God is a Lover who hungers to be loved in return. Burning with this vision of faith, Catherine Doherty challenged Christians of her day to live a radical Gospel life and to recognize Gods image in every human being.
Catherine and Boris became refugees, fleeing first to England, and then in 1921, to Canada, where their son George was born. In the following years she experienced grinding poverty as she laboured to support her ailing husband and child.
Raised in a devout aristocratic family, she grew up knowing that Christ lives in the poor, and that ordinary life is meant to be holy. Her fathers work enabled the family to travel extensively in Catherines youth.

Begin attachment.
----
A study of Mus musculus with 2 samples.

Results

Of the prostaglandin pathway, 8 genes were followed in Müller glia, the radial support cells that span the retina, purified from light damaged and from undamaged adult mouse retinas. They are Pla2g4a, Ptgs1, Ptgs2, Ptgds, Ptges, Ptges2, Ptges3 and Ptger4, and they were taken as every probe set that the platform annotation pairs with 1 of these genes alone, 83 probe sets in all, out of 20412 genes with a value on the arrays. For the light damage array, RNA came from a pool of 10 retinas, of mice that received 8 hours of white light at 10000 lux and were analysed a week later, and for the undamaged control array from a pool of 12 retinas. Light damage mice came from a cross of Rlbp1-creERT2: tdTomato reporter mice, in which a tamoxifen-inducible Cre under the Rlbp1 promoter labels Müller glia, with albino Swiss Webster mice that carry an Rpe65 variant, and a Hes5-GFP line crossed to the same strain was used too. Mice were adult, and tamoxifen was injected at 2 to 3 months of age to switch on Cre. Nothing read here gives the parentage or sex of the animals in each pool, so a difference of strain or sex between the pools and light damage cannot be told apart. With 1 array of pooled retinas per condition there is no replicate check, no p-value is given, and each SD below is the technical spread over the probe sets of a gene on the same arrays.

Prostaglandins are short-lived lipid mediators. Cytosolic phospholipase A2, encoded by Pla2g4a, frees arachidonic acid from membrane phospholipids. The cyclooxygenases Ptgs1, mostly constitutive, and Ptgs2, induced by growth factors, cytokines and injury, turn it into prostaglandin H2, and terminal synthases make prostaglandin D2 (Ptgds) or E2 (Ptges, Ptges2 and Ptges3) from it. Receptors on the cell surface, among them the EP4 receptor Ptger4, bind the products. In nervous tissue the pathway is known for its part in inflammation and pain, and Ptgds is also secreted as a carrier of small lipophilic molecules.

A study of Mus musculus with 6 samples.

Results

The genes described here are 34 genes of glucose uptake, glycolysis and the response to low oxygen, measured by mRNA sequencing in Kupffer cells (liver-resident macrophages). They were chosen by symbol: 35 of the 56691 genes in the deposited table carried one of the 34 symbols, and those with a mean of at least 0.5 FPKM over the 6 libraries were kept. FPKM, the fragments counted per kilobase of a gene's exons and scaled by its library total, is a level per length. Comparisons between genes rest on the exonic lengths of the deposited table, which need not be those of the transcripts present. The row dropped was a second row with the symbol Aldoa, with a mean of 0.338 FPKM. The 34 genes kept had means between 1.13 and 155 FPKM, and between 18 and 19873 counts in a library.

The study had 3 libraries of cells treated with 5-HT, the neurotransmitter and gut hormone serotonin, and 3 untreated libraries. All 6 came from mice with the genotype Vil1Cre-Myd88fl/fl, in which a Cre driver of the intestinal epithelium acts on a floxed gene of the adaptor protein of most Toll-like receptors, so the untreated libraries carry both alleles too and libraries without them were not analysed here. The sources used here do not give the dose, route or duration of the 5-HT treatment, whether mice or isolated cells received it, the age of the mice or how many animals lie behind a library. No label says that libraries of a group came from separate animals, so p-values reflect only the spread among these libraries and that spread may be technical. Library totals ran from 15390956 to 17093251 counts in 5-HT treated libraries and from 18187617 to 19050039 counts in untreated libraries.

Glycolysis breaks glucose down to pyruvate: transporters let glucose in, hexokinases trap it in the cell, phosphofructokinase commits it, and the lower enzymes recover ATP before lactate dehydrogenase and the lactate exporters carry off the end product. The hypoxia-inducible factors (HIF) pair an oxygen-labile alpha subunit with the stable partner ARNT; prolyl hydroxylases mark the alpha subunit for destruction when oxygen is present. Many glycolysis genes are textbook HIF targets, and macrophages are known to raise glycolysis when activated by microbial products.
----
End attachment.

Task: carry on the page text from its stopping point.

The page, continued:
She saw it as the tragic consequence of a Christian societys failure to incarnate its faith. All her life she cried out against the hypocrisy of those who professed to follow Christ, while failing to serve him in others.
Catherines lifelong passion to console Christ in others propelled her forward. Again young men and women asked to join her. Graces abounded. In October 1951, Catherine attended the first Lay Congress in Rome.
She brought the spiritual intuitions of the Christian East to North America. Lay men and women as well as priests came to Madonna House to live the life of a Christian family: the life of Nazareth.
Catherine Misunderstanding and calumny plagued Catherine all of her life. False but persistent rumours about her and the working of Friendship House forced its closing in 1936. Catherine left Toronto, feeling her work had failed.